The first ever roadmap for a national care service in England that would help ease NHS pressures, transform lives and tackle growing workforce shortages is published today (Thursday June 8).
The document, commissioned by UNISON from the Fabian Society, will be launched in Westminster later today.
The report, Support Guaranteed, says long-term solutions, not quick fixes, are needed to solve the crisis in social care. The new national service would transform support for those who need it and provide more choice and control for individuals and their families.
This national system would reduce pressure on the NHS, improve the lives of thousands of people who lack independence, and plug gaps in the support family members provide to loved ones as unpaid carers, according to the 81-page report.
Ten suggested principles should underpin a new national service, says the report, including care that is high-quality, affordable, accessible and connected to the NHS and other local support.
These values will be the ‘building blocks’ of a national guarantee – a promise made by the government and local councils to people needing care about what they will receive from the service.
The report suggests a potential launch date for a national care service could be 5 July 2028 to mark the 80th anniversary of the NHS.
Major reforms and a new way of managing care are needed because extra money alone won’t solve the sector’s many problems, says Support Guaranteed. The taxpayer is spending around £20bn each year on a system in England that does not work and needs urgent attention.
The document says spending cuts have created a social care ‘emergency’ where local authorities are forced to ration support, despite huge rises in demand.
Poor pay and conditions are among the factors that have triggered a staffing crisis in the sector, with 165,000 vacancies, according to data highlighted in Support Guaranteed.
This crisis is causing ‘huge harm’ to people with lifelong and enduring disabilities, frail older people are losing their independence and unpaid carers are under extraordinary pressures.
Under a national care service, support would be provided locally and delivered under one name across England with all employees guaranteed fair rates of pay.
Crucially, the report states that a new workforce settlement should be the first priority in creating a national care service. This would mean national minimums for wages, sick pay, pensions and annual holiday across the country, with workers guaranteed decent, comprehensive training.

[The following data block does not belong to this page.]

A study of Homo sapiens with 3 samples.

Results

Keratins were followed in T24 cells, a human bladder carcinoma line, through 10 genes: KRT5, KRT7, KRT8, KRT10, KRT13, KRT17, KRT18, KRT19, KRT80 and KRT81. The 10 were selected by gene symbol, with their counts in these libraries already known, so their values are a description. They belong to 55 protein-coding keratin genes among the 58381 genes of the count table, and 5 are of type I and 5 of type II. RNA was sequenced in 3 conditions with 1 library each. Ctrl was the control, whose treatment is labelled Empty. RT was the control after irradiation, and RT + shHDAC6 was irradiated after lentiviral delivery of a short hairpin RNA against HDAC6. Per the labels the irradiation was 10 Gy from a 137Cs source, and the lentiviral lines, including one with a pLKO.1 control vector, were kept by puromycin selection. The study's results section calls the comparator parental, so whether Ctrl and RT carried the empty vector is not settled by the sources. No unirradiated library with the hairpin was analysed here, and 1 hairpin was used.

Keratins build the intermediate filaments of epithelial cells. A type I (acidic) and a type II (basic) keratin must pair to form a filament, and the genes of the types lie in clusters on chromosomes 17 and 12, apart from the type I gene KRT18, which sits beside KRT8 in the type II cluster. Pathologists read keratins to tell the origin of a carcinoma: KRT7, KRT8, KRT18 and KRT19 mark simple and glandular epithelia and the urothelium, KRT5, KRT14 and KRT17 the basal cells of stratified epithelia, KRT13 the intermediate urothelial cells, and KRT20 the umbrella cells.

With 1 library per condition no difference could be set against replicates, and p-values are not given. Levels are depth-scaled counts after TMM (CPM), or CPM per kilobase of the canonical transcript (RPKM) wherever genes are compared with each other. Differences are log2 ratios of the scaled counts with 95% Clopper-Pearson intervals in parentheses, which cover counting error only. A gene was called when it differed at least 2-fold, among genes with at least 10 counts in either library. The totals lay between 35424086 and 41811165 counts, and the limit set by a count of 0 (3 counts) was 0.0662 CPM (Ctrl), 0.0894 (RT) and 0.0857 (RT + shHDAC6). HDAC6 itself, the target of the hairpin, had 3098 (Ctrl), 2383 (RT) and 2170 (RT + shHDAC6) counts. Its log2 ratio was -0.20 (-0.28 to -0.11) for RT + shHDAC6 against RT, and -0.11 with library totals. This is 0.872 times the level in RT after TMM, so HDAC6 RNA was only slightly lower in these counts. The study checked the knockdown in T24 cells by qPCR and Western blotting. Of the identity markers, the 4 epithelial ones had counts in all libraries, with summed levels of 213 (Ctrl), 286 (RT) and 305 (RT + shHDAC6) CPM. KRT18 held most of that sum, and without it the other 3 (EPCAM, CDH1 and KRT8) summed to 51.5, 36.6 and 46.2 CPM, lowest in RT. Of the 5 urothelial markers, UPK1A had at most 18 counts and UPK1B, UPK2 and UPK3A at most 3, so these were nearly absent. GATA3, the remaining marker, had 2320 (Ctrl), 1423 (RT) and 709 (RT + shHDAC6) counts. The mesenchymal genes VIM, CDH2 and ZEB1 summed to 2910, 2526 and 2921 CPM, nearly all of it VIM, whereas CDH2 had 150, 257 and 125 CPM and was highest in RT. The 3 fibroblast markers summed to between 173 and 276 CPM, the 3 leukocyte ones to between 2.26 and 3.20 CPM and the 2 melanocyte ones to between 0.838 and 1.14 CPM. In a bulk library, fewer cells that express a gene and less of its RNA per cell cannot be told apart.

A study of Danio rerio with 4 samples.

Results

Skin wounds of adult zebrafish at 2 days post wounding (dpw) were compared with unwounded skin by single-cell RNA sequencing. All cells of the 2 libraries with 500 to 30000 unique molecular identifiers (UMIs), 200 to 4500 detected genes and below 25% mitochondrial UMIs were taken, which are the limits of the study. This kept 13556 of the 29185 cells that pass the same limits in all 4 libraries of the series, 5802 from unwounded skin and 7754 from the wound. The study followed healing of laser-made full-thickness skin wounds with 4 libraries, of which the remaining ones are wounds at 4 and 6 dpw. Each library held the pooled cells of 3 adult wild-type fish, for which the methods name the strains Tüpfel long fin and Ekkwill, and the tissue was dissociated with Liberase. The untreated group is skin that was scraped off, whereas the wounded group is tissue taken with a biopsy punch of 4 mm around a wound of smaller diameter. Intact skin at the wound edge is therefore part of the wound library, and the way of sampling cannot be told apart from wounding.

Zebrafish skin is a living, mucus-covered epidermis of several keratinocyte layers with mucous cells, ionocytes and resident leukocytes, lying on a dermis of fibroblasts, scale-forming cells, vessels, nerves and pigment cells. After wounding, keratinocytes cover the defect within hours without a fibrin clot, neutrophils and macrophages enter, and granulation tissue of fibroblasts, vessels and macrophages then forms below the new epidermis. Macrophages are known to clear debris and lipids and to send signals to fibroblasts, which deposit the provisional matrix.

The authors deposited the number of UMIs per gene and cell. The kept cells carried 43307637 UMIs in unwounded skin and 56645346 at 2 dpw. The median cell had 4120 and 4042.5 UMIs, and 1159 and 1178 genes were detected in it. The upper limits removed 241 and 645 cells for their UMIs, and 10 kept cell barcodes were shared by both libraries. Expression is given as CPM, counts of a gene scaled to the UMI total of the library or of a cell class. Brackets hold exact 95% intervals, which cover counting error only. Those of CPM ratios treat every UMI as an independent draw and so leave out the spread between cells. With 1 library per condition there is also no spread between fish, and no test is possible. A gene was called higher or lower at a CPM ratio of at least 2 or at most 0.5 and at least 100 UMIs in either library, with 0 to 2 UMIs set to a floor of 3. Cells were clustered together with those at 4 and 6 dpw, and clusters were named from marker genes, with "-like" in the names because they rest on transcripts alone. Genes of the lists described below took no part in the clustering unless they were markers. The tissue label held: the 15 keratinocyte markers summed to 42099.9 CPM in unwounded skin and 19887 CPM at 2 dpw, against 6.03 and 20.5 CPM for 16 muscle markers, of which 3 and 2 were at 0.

The report says it does not back the creation of a single national health and care service, although services may wish to merge locally, and this is something that may well come about over time.
Support Guaranteed highlights the dysfunctional nature of the current social care ‘market’ and recommends a series of measures for overhauling the system, such as councils delivering local care services themselves, as well as removing the profit motive from care provision.
Commenting on the report, UNISON general secretary Christina McAnea said: “Social care has been neglected for too long. The system is broken and the staff who work in it are either on their knees or leaving in droves.
“Promises of reform have come to nothing and people needing care are being let down on a grand scale. Arranging care for a loved one is a minefield for families trying to navigate the system for the first time.
“To make matters worse the sector is thousands of staff short. Raising pay is key to stopping the exodus of staff quitting for higher wages and less stressful, emotionally draining jobs elsewhere.
“People who rely on care deserve much better. A national care service would boost wages, put quality above profit-making and ensure everyone receives the support they need.”
Report co-author and general secretary of the Fabian Society Andrew Harrop said: “This comprehensive plan for a national care service for England is an ambitious roadmap for solving one of the country’s most significant and enduring social challenges.
“The Fabian Society’s plan works for everyone who needs support or care now or who may do in the future. But vitally, it is also a blueprint that works for the under-valued care workforce and for our huge army of unpaid family carers.”
Shadow health and social care secretary Wes Streeting MP said: “This report is an important contribution to the debate on our social care system.
“Labour is committed to ensuring better terms and conditions, proper training, and fair pay for care workers, with national standards guaranteeing good quality care, as the first steps to building a national care service.”
Responding to the publication Professor Vic Rayner OBE, CEO of the NCF said: “I welcome this in-depth report exploring what the journey towards a National Care Service under Labour could look like. It’s encouraging to see a focus on choice and control for people, better pay, terms and conditions for the workforce and a new deal for care providers. I particularly welcome the Fabian Society’s focus on the critical role of not-for- profit care and the recommendation to expand this type of provision. Accompanying this is the critical recognition that care should be for people, not for profit.
“I now want to hear more detail from Labour in terms of what they plan to adopt as part of their manifesto, and how they will ensure it is fully funded.”